It is December 16, once more; the Misa del Gallo (aka Simbang Gabi) begins! It is a feature of the Christmas celebrations every true blooded Filipino would miss if he celebrates Christmas outside the country. I know. I missed it for six years while I lived in the shadows of St. Peter’s Basilica in Rome. No amount of well-lighted Christmas trees, roasted chestnuts and cold-winter air can fill up the void of a Simbang-gabi-less Christmas. The Simbang-gabi will always be an integral part of the Filipino’s Christmas.
I have described this year’s Simbang Gabi from the perspective of the liturgy at the Bible Workshop. For the Filipino Church, December 16-24 is a novenario that helps one prepare spiritually for the feast of the Nativity. Roman Catholic liturgy already mark out December 17-24 as a special Advent period for meditating on the historical events that immediately lead to the birth of the Lord. During these days, the “O Antiphons” are sung in the liturgy, marking the days immediately preceding December 24, the vigil of Christmas. By a special permission from the Vatican, the missal of the Philippine Church has special prayers and readings for December 16, making it the first day of a special series of Advent-days that already anticipate Christmas. So if you’d pay attention, even the liturgy of the Simbang-gabi is more “Christmassy” than the daily masses from Dec. 17-24.
The Simbang-gabi is also meaningful for me because in one of those days, I celebrated my first mass as a priest. I was ordained on December 22, 1992 at the Basilica del Santo Niño and celebrated my first mass ever with the Augustinian contemplative nuns on December 23. On December 24, Thursday — Year C on the liturgical calendar — I celebrated my first Simbang-gabi at the Nuestra Señora de Gracia church (you know, the “Lumang Simbahan” at Guadalupe). The gospel reading then, as always, was from Luke 1:67-79, the Benedictus, Zechariah’s prophecy about his son, John the Baptist. An old priest finally accepts with faith the angel’s announcement to him, and for the first time after days of being mute, utters a berukah that celebrates the salvific work of God who has “raised up for us a Mighty Savior, born of the House of David”. And within this “blessing”, the priest, also explains the role his son will play in this new phase of salvation history, and the meaning of the name “Yo-hanan”, “Yahweh has shown compassion”.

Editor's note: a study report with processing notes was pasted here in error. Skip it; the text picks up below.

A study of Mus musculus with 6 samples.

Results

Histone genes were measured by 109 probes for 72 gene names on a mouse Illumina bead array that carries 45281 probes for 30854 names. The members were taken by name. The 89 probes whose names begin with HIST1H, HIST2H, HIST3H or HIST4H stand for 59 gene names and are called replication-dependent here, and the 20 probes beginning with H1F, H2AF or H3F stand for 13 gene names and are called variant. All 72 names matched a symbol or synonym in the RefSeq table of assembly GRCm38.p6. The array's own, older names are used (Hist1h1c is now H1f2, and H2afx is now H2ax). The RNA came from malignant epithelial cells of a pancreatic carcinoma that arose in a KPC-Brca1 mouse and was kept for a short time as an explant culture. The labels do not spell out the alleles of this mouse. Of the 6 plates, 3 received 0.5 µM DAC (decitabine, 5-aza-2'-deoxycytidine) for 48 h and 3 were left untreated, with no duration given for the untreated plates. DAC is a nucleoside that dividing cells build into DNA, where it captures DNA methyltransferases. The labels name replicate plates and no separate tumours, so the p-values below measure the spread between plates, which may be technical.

In the tender compassion of our God
the dawn from on high shall break upon us,
to shine on those who dwell in darkness and the shadow of death,
and to guide our feet into the way of peace.
John will be the prophet of this period of mercy and compassion. He will prepare his people with his proclamation of forgiveness of sins and prepare the way for Him who will be called “Salvation.”
I have always considered the Baptist as the type of the baptizing Church that prepares the world for the second coming of Christ. In addition, he is also the type of the male religious, the “friend of the bridegroom” who rejoices at the nearness of the bridegroom and whose life is a reminder of His coming. The Baptist was a prophet, but like Jeremiah and Ezekiel before him, he belonged to a priestly clan and so his ritual cleansing (the baptism he administered) was recognized by those who listened to him. I will never be like John the Baptist, but during these days when I could keep quiet, I remember that one of the things that led me to the priesthood was the sight of a lone priest (an SVD at our parish in Kamuning, QC) listening to the confessions of about a hundred children preparing themselves for first communion. “Lord,” I said at the time, “I wish I can help.” That was in 1979, just before December 8, when children have their first communion. Some days after my first Simbang-gabi mass, I received a note from Cardinal Sin telling me that I am allowed to hear the confessions of children. When I saw the note, I can only smile and say to myself: “Prayer granted.”